Marriage isn’t as common in France as it is in other countries because many couples live together in civil unions (pacte civil de solidarité) that afford them some of the same rights as married couples. Even so, there were about 237,000 marriages and about 133,000 divorces in 2011, according to France’s National Institute of Statistics and Economic Studies and France’s Ministry of Justice.
In France the division of ‘who owns what’ during a marriage is laid out right from the start. Before getting married, most French couples will decide whether to share financial gains and losses made during the marriage — and they sign off on that in front of a notary, a lawyer with a special appointment. This document doesn’t list any assets — that’s all discussed during a divorce.
“They are basically standard documents without a lot of financial detail,” said Jill Schofield-Thommeret, partner at Douma, Schofield & Sibenaler based in Paris.
Couples can sign a contrat de mariage (marriage contract) before they tie the knot. It’s a simple form that outlines the couple’s choice between four marital regimes:
--COMMUNAUTÉ LÉGALE (legal community property): The marital estate is limited to property acquired and debts incurred after the marriage, but does not include inheritances or gifts. This is also the default if a couple doesn’t sign a marriage contract.
--COMMUNAUTÉ UNIVERSELLE (universal community): Everything from before and after the marriage, including accounts, assets and liabilities, becomes community or shared property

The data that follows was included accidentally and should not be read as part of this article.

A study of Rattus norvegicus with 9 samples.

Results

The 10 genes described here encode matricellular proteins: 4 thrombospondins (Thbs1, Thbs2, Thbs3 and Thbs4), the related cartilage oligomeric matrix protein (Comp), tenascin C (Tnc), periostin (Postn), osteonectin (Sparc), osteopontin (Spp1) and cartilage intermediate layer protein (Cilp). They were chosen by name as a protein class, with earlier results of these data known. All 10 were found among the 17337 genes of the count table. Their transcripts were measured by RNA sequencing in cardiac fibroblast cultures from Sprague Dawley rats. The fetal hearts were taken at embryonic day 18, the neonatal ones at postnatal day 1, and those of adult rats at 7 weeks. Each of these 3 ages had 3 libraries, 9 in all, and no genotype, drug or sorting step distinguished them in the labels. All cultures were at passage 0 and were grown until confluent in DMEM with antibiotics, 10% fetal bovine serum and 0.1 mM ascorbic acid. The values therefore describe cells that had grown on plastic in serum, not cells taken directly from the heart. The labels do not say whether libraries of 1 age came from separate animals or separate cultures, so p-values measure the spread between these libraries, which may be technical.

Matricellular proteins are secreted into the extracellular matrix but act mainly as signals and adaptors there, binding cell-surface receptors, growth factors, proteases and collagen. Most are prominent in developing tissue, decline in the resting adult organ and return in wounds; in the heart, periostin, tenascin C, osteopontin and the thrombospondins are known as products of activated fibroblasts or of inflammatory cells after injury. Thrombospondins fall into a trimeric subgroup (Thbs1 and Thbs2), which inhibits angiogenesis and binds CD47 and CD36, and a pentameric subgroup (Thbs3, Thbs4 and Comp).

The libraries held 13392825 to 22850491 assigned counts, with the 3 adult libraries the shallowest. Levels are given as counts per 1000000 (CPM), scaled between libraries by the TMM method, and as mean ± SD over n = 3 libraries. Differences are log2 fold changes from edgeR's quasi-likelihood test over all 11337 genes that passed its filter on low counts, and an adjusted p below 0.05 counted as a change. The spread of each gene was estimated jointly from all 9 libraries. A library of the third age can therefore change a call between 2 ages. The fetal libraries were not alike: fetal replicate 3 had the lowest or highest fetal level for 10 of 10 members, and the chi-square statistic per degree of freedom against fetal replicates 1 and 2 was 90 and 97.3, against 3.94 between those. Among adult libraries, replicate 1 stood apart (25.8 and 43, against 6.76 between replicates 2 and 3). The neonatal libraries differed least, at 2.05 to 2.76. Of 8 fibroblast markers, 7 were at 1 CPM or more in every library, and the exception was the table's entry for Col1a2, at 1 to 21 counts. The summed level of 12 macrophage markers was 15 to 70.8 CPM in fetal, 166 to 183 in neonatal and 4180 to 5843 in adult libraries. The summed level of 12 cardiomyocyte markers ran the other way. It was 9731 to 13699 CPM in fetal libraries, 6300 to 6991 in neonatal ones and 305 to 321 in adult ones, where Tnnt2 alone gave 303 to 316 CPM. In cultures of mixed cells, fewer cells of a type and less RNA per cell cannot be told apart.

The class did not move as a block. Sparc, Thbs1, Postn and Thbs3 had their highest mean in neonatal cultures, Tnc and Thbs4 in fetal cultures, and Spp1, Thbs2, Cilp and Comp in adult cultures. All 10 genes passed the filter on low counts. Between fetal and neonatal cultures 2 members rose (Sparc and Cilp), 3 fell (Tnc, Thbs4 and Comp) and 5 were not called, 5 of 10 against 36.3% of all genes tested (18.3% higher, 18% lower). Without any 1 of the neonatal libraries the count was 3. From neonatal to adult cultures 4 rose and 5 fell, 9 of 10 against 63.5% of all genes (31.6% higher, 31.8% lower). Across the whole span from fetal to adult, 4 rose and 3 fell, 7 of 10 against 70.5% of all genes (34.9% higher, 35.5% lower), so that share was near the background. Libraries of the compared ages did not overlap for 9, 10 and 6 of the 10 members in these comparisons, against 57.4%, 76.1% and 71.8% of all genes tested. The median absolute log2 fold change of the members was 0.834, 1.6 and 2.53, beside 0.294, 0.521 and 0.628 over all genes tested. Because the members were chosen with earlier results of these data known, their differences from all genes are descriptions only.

--SÉPARATION DE BIENS (separation of assets): Everything is kept separate during the marriage. Although spouses don’t benefit from one another’s success, they also don’t pay the consequences of one another’s bad luck.
--PARTICIPATION AUX ACQUÊTS (participation in acquired assets): Similar to séparation de biens during the marriage, but in a divorce, the value of the acquired assets is shared. The less-well-off spouse receives half the appreciation of the other spouse’s enrichment. Spouses do not share in each other’s losses — the worst-case scenario is that one spouse receives nothing from the other.
“A pre-nup says whether you’re in one system versus the other, then the spouse will redress the less-well-off spouse,” said Alain Cornec, partner at Villard Cornec et Associés based in Paris.
About 90% of couples choose the default communauté légale option, while only 6% to 8% of couples choose séparation de biens and only 2% to 3% choose participation aux acquêts. Couples can change their marital regime after their second anniversary or two years after the last change. Those remarrying almost always choose to keep assets separate, the lawyers said.
These marital agreements are always upheld. A couple’s assets and spousal support are discussed during the divorce proceedings rather than before the marriage. “In a community of property [regime], if you hide your common assets at divorce or succession and the other spouse can prove it later, you lose 100% of the asset,” Cornec said.
The country’s civil code requires spousal support if needed. The court will grant the less-well-off spouse some level of compensatory support, designed to help the spouse get back on his or her feet and to try to offset the consequences of divorce, said Cornec. “Once set, it cannot be revised unless you’re in a hardship situation.”
The French have generous state benefits, with much of a person’s retirement coming from the state system. Depending on the length of the marriage, an ex-spouse will receive a portion of the other’s pension.